The past couple years have been financially difficult for many homeowners in Louisiana. Sometimes, despite all your attempts you find yourself unable to pay your mortgage and are now facing foreclosure. This is very distressing, but sometimes bad things happen to good people. If you are facing foreclosure, you may wonder if there is any way to slow down the process or stop it altogether. One option that may be a good choice for you is filing for bankruptcy.
Wait, isn’t bankruptcy a last resort?
Bankruptcy does not have to be a last resort. In fact, there are many merits to filing for bankruptcy. One is that it can slow down or even stop the foreclosure process. When you file for bankruptcy, an “automatic stay” is placed on any collection proceedings including foreclosure. The automatic stay can slow down or stop the foreclosure process, at least for a time. The outcome of bankruptcy and foreclosure process depends in part on whether you file for Chapter 7 bankruptcy or Chapter 13 bankruptcy.
Foreclosure and Chapter 7 bankruptcy
A Chapter 7 bankruptcy filing is also referred to as a liquidation bankruptcy. In general, through a Chapter 7 bankruptcy your non-exempt assets will be sold by a bankruptcy trustee and the proceeds used to pay off your debts. After that, many (but not necessarily all) of your remaining debts will be discharged allowing you to move forward on a clean slate. When it comes to foreclosure, the Chapter 7 automatic stay will delay the process. However, it will not stop it entirely. Still, it may buy you the time needed to come current on your mortgage or find alternative housing. Note that the automatic stay can be lifted under certain circumstances allowing the foreclosure process to move forward.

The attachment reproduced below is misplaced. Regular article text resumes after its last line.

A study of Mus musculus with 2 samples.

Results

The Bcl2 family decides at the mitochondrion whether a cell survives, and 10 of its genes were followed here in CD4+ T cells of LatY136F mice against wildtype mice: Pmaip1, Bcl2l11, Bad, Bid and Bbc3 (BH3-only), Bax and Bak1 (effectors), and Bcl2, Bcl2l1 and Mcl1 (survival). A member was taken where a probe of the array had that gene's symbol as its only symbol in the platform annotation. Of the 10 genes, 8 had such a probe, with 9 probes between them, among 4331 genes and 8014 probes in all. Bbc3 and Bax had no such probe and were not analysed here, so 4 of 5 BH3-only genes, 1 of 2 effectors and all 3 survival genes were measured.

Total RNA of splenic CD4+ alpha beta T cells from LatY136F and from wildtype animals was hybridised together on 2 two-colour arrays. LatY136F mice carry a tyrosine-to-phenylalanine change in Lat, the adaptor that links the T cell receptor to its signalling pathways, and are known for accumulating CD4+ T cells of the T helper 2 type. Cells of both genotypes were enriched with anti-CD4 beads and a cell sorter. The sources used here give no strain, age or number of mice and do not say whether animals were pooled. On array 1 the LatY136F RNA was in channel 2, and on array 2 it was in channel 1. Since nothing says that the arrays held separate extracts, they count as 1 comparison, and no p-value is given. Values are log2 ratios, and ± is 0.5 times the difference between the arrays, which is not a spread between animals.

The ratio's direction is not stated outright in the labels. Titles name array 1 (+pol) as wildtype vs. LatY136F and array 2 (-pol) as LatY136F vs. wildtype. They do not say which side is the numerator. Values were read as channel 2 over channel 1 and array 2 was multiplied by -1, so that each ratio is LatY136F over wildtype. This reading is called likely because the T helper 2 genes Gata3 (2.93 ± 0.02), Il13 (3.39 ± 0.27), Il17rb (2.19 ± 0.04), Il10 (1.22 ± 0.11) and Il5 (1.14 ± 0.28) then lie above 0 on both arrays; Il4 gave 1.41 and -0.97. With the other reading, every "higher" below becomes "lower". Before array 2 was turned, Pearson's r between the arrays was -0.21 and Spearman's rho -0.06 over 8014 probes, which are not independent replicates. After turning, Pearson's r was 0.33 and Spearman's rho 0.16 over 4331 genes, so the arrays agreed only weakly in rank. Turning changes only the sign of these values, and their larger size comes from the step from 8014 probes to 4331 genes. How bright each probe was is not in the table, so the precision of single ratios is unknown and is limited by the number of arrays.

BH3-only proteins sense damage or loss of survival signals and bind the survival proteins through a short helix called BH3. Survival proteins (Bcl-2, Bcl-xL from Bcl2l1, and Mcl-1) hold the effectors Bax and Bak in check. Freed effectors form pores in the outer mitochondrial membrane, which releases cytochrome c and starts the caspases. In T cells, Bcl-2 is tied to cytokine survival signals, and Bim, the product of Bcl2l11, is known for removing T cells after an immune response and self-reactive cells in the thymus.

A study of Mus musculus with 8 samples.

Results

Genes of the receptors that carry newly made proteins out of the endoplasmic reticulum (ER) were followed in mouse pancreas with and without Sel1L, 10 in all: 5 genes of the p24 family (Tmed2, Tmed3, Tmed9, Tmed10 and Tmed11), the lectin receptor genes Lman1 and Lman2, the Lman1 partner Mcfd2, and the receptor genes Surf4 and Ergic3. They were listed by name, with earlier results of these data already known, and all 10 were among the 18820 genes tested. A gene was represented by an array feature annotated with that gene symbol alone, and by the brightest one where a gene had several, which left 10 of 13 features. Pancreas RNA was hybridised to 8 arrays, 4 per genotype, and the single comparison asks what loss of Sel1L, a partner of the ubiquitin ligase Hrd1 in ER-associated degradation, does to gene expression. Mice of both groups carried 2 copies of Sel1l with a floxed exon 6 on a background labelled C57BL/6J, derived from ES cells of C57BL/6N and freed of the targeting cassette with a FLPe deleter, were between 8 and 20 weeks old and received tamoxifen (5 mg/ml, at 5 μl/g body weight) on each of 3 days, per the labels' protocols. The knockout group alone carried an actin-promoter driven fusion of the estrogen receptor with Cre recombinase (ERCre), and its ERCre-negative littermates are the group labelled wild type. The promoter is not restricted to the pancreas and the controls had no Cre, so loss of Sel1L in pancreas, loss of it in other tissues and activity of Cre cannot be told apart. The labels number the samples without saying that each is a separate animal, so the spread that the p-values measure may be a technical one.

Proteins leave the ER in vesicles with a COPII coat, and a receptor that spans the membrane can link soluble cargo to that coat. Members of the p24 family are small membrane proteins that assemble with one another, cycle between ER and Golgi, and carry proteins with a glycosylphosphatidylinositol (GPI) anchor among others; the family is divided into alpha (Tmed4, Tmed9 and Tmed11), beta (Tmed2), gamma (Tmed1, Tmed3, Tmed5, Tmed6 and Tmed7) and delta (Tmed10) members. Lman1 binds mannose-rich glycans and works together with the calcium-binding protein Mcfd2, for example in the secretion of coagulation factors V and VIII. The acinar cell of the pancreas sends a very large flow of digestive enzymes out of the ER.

Foreclosure and Chapter 13 bankruptcy
A Chapter 13 bankruptcy filing is also referred to as a wage-earner’s plan. In general, when you file for Chapter 13 bankruptcy you keep your assets. Instead, you will be placed under a court-approved three- to five-year repayment plan in which you make payments that go towards paying back your debts. At the end of the plan, many (but not necessarily all) of your remaining debts will be discharged, giving you a fresh financial start. If your home is in foreclosure, the automatic stay will stop the proceedings and through the repayment plan you can get caught up on what you own. Note that you still must be able to make your regular mortgage payments while making payments on your Chapter 13 repayment plan.
Bankruptcy can help
If you are in the weeds on your mortgage and are facing foreclosure, filing bankruptcy may be a good option to consider. A Chapter 7 bankruptcy can slow down the process while a Chapter 13 bankruptcy may stop the process entirely. Bankruptcy filings can be complex. You will want to make sure you understand all your legal options so you can decide whether filing for bankruptcy is right for you.